Good Men Project a win all round

Students from St Francis De Sales primary school in Woolooware playing with fellow students from De La Salle College, Caringbah. Photo- Sydney Catholic Schools

The absence of male teachers at a southern Sydney Catholic primary school has helped fuel a promising new project which is nurturing strong mentoring skills in secondary students and helping primary students better prepare for high school at the same time.

The Principal of St Francis De Sales primary school in Woolooware, Mrs Suzanne Clay started the Good Men Project this year in partnership with her counterpart at De La Salle College, Caringbah, Mr Peter Buxton.

With no male teachers on her staff, Mrs Clay was becoming increasingly anxious about a lack of good male role models for the boys at her school.

“It helps instil them with confidence, to know they can be a good role model to the younger students as they step into the position of mentor and guide which really helps them develop a greater sense of maturity and responsibility.” – Ms Lyn Slater

“With many of our Year 6 boys progressing on to an all boys school in De La Salle College Caringbah, I thought a program in which they could meet staff and senior students from that school would help ease their transition into high school”, she explained.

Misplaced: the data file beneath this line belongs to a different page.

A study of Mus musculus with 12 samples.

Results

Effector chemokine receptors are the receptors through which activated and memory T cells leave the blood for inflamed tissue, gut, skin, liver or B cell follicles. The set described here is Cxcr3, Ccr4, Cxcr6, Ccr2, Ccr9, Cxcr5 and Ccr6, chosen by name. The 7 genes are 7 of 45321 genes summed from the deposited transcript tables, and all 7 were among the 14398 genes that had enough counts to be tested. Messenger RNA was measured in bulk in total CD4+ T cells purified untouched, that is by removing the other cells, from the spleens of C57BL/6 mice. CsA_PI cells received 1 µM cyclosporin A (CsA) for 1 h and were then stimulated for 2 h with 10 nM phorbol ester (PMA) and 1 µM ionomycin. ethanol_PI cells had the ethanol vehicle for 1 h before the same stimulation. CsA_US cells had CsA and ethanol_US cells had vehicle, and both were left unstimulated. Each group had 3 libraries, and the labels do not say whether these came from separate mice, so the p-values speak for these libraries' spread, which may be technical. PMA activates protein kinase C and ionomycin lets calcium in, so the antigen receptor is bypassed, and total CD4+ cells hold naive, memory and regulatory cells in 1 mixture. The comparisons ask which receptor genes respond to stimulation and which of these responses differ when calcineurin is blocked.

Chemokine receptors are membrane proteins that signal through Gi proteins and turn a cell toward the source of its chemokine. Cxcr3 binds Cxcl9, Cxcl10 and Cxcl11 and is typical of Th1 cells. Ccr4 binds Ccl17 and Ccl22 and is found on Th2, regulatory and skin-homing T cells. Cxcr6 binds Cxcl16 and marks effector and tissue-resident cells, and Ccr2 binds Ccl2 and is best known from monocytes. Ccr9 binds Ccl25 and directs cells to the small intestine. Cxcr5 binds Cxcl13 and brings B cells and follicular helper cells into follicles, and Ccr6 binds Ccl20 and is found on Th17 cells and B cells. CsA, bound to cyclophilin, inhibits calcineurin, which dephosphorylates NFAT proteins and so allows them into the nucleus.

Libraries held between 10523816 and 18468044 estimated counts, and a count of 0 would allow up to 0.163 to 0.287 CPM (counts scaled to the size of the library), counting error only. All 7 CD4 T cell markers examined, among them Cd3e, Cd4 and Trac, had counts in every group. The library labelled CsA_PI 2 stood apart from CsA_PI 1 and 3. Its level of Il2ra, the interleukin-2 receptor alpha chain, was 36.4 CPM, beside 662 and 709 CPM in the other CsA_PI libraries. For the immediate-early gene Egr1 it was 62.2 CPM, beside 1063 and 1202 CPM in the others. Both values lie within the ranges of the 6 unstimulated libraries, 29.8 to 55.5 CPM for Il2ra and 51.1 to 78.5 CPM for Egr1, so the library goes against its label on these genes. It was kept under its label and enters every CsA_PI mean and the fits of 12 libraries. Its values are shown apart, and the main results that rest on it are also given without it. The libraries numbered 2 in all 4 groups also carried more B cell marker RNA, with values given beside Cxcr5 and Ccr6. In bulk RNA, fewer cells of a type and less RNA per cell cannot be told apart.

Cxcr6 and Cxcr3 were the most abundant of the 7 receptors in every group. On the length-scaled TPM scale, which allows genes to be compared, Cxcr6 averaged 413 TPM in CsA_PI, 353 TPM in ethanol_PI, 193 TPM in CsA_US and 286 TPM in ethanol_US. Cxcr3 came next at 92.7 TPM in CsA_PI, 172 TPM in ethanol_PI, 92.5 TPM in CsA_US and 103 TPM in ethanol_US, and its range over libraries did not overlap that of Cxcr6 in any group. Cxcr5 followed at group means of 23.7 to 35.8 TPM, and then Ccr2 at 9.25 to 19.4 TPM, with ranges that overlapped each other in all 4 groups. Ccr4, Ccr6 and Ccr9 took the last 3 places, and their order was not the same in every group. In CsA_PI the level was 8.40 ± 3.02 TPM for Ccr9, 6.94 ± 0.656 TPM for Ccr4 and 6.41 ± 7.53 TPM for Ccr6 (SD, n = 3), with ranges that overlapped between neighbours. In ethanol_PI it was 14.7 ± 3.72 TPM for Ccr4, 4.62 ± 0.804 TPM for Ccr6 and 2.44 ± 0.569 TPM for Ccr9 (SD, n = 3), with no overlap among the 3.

A mini-bus was hired to take the Year 6 students from Woolooware to Caringbah for classes with Year 9 and 10 students across PDHPE, Maths, Science and Drama.

Students from St Francis De Sales primary school with their older mentors from De La Salle College Caringbah. Photo: Sydney Catholic Schools
Students from St Francis De Sales primary school Woolooware with their older mentors from De La Salle College Caringbah. Photo: Sydney Catholic Schools

“The primary boys are really enjoying the excursions to what for many of them will be their high school and so it’s helping to nurture a real sense of continuity in their education, since they’ve already started to meet some of their future teachers and school-mates before they’ve entered Year 7”, Mrs Clay said.

The Director of Learning at De La Salle College Caringbah, Ms Lyn Slater, said the program has also been highly beneficial for her students in Years 9 and 10.

“It helps instil them with confidence, to know they can be a good role model to the younger students as they step into the position of mentor and guide which really helps them develop a greater sense of maturity and responsibility”, she said.

“We believe the program is especially beneficial for gifted and talented students who may be involved in the Newman program …” – Mrs Suzanne Clay

There are plans to expand the program to cover Year 5 students at St Francis De Sales primary school and also to other feeder primary schools, including Our Lady of Fatima primary at Caringbah.

Mrs Clay believes a similar mentoring program could also work well for girls as they prepare to enter high school at the nearby Our Lady of Mercy College in Burraneer.

“We believe the program is especially beneficial for gifted and talented students who may be involved in the Newman program because it provides them with the opportunity to undertake some extension work in a high school setting as well”.